Information from video below
Edited by Barbara Gabogrecan
The good news is that around two thirds of stroke victims do make a degree of recovery, but the process is long and can be very frustrating. The hardest thing for the stroke victim and the caregivers to cope with is the emotional impact on their lives.
The brain controls everything we do. For the brain to work properly it needs a constant supply of blood. If this supply is stopped, even for a very short period of time, part of the brain will be damaged; this is called a stroke. There are two types of strokes; one is caused by a blockage of the blood vessel, the other is caused by a burst blood vessel.
A ‘CT’ Scan allows the doctors to see just what part of the brain has been damaged by the stroke, then a number of specialists work together as a team to help the patient recover. These specialists include doctors, nurses, physiotherapists, occupational therapists, clinical psychologists and dieticians. Hippocrates (a classical Greek physician) first diagnosed sudden paralysis – which would have been caused by a stroke.
A stroke can occur at any time to folk of any age. There has even been a case of a baby in the womb suffering from a stroke. In fact, one person every five minutes suffers from a stroke in England. The physical impairments can be quite varied, from mobility, speech, reading and writing, concentration, swallowing etc. There is a real problem of stroke victims suffering from depression as they work towards recovery.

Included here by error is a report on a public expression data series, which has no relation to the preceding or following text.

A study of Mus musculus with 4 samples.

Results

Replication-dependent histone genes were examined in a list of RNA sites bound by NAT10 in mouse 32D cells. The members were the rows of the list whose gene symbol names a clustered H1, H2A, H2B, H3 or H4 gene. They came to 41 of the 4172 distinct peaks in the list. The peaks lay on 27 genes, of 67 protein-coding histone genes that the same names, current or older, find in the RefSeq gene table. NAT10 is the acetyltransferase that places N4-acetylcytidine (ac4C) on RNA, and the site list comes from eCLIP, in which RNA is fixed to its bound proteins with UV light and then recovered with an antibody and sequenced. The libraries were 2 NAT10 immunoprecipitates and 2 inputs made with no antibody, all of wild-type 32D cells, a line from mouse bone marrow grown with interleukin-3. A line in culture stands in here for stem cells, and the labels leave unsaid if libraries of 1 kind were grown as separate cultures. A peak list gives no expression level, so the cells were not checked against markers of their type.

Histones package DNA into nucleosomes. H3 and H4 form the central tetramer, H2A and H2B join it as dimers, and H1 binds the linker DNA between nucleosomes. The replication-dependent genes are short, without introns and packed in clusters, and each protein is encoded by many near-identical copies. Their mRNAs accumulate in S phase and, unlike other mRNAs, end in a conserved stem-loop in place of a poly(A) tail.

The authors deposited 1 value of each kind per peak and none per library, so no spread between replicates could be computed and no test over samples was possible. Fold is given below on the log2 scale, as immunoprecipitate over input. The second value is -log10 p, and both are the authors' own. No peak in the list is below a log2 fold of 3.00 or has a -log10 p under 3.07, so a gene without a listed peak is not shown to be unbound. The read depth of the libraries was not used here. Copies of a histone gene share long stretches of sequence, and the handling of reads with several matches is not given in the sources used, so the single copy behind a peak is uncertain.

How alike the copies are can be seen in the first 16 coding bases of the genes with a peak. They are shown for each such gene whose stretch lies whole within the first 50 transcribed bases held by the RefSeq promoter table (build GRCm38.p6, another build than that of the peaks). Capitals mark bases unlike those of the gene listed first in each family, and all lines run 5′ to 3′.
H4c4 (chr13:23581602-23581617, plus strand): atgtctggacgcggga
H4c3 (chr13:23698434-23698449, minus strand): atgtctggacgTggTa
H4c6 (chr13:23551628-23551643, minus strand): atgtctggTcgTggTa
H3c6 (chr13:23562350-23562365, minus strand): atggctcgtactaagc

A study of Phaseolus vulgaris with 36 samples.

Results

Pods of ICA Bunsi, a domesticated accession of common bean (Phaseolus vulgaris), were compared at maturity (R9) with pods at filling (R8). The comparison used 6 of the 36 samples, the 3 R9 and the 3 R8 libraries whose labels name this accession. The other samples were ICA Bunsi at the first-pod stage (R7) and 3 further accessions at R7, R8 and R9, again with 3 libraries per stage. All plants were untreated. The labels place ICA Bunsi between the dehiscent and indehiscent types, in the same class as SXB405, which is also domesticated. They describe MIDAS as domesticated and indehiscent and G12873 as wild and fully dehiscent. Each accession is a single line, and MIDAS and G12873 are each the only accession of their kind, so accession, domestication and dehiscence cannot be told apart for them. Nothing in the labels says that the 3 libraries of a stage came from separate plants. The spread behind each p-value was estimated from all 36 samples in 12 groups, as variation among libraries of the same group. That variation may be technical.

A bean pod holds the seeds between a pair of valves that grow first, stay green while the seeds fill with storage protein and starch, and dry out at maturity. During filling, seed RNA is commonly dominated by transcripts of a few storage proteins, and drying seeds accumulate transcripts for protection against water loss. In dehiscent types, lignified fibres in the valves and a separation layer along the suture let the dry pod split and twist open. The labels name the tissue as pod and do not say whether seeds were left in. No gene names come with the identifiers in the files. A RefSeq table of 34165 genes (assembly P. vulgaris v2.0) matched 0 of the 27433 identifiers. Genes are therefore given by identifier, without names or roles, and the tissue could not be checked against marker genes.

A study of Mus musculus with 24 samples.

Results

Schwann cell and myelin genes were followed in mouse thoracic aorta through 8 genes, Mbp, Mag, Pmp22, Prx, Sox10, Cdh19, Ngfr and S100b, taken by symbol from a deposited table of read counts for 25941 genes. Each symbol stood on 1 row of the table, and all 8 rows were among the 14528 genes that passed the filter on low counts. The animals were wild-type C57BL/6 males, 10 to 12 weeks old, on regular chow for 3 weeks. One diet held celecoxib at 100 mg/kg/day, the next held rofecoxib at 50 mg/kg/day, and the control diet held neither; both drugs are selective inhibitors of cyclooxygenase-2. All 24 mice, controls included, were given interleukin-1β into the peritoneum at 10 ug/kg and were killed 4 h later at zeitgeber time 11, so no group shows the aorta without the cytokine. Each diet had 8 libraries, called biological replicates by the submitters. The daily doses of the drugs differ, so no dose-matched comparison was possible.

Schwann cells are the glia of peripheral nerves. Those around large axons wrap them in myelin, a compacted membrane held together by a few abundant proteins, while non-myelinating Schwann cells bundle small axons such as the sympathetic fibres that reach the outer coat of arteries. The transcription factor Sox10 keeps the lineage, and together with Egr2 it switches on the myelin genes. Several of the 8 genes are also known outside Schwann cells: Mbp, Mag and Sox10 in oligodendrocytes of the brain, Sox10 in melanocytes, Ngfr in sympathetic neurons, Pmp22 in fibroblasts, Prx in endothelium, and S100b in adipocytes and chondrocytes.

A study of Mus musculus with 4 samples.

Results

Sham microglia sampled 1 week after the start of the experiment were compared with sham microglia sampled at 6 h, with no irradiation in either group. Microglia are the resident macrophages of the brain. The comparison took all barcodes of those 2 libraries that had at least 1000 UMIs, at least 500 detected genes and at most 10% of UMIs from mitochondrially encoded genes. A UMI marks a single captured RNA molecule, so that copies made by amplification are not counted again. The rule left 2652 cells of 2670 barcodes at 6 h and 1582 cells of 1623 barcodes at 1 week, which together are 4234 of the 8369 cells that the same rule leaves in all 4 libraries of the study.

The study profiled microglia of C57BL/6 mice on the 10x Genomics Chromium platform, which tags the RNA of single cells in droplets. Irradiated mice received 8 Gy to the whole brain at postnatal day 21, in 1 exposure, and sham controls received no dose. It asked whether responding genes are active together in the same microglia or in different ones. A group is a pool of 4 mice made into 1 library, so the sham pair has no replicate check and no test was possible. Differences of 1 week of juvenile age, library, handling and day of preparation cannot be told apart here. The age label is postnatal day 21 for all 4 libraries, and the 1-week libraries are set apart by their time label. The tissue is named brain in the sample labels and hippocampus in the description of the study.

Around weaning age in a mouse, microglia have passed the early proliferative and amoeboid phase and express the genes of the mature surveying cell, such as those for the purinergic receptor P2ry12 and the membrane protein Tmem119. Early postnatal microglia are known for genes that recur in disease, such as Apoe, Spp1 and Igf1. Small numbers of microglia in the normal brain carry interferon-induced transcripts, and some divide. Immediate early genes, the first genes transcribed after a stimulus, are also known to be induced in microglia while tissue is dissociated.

The caregivers are usually the loved ones and it can become very difficult for them to look after those recovering from a stroke. In my opinion, the caregivers are the ‘forgotten generation’ – all efforts tend to concentrate on the sufferer. Caregivers often feel that they have lost a loved one e.g. husband or wife and have simply become a nurse. It takes courage and great determination from both the sufferer and the caregivers, for a stroke victim to recover.
It is very important that the patient receives assistance very quickly, as this can diminish the problems they will face. I know a woman who (when eventually she saw a doctor) it was estimated, had suffered over 200 mini strokes. She lived on her own and was an alcoholic, which delayed the diagnosis. Unfortunately it was too late to save her and she deteriorated quickly.
Tips and Hints
Be aware of the FAST method of recognition of a stroke.
F – does the face show any drooping;
A – arms – can they lift both arms above their head;
S – speech, is it impaired or slurry;
T – time is very important
The Stroke Foundation promotes the FAST message – you can find much more information on strokes at http://strokefoundation.com.au/
Tips and Hints
As soon as you are able, either you or your caregiver should contact an appropriate association, like the Stroke Foundation of Australia. They will assist you in every way that they can and this additional support can be very important to helping with your recovery. They will also advise on how to prevent future strokes.
This video shows how hospitals in England are set up to handle stroke victims. There is some very useful information shared.